Specifically I’m talking about the abysmal 4 Mb/s bandwidth limit imposed on teams during competitions. I don’t know when this limitation was put in place, but nowadays this is not a lot of bandwidth considering a 1080p video from YouTube can be anywhere from 8-10 Mb/s.
We have a functional 4 camera setup (1 for each side of the robot) that we plan on mounting to our robot very soon. It livestreams the video feeds over the network to a browser like in some vehicles’ backup cameras (
). With the advent of AprilTags, this can give us positional information no matter where we are on the field. This can all be done on-bot with a coprocessor, but we won’t be able to get live video feedback, or if we do it will not be all videos at once and they will be low quality with low FPS.
Computer vision has been commodotized thanks to limelight/photon vision and world class drive trains like swerve are now COTS. There is a massive discussion thread on CD about FRC getting easier over the years: Is FRC getting easier? Should something be done about it?
Many teams are bumping up against the skill ceiling of what’s possible in FRC and this could help to expand that scope.
Fundamentally we are limited by wireless spectrum and the radios we are using (802.11n). A new radio with support for more wireless bands/modulation rates should be able to do higher data rates, but FIRST would need to upgrade all the field APs as well.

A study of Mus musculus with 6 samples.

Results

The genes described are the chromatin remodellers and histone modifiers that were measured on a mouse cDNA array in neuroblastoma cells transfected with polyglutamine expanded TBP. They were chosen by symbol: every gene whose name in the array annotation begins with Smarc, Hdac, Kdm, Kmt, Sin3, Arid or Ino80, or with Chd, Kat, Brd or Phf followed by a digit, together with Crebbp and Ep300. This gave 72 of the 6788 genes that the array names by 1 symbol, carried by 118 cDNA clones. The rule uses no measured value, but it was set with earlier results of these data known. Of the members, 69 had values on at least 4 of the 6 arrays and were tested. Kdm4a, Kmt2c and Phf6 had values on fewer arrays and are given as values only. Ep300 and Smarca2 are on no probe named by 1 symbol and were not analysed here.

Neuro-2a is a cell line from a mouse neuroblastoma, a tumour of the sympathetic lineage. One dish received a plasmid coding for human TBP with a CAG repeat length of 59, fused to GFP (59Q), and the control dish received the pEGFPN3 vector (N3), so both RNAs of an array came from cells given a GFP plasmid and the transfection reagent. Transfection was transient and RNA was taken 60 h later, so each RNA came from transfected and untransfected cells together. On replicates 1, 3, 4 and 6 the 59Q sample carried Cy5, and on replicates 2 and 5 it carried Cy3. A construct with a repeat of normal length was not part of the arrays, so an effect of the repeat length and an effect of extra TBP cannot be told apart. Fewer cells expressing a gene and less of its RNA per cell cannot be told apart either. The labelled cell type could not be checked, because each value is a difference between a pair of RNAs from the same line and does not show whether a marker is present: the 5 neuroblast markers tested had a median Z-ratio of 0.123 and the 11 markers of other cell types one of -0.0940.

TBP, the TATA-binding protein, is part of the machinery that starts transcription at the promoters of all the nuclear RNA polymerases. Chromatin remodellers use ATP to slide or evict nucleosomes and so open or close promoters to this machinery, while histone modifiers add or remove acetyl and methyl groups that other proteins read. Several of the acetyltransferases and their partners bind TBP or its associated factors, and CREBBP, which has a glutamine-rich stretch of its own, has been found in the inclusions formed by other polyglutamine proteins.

See my post here: Is there any reason to not allow anything above 4 mbps? - #6 by Peter_Johnson
To add on, that limit isn’t really arbitrary. There was originally none, then it dropped to 7 and there were still events with major control issues. Dropping down to 4 solved most of the control issues at most events, which is why it stuck. It’s better than the old days where csas/ftas would come over to teams and tell them to turn off their cameras. That happens much less nowadays because of that limit.
In addition, designing an RF system gets exponentially harder if it needs to work the same, on the same hardware, legally, in different countries.
FIRST does a lot of things to make FRC resemble real-world engineering. A bandwidth limit (like a weight limit or a component restriction) is a very realistic real-world engineering constraint; you might encounter it with solutions as local as the rather limited bandwidth of Bluetooth, or as remote as the data rate to the Mars rovers via the Deep Space Network.
Arguably, designing solutions that work within such a limitation is a “better” engineering challenge than allowing a free-for-all with unlimited bandwidth. It forces one to consider alternate solutions, better algorithms, the tradeoffs of on-board vs. off-board processing, etc.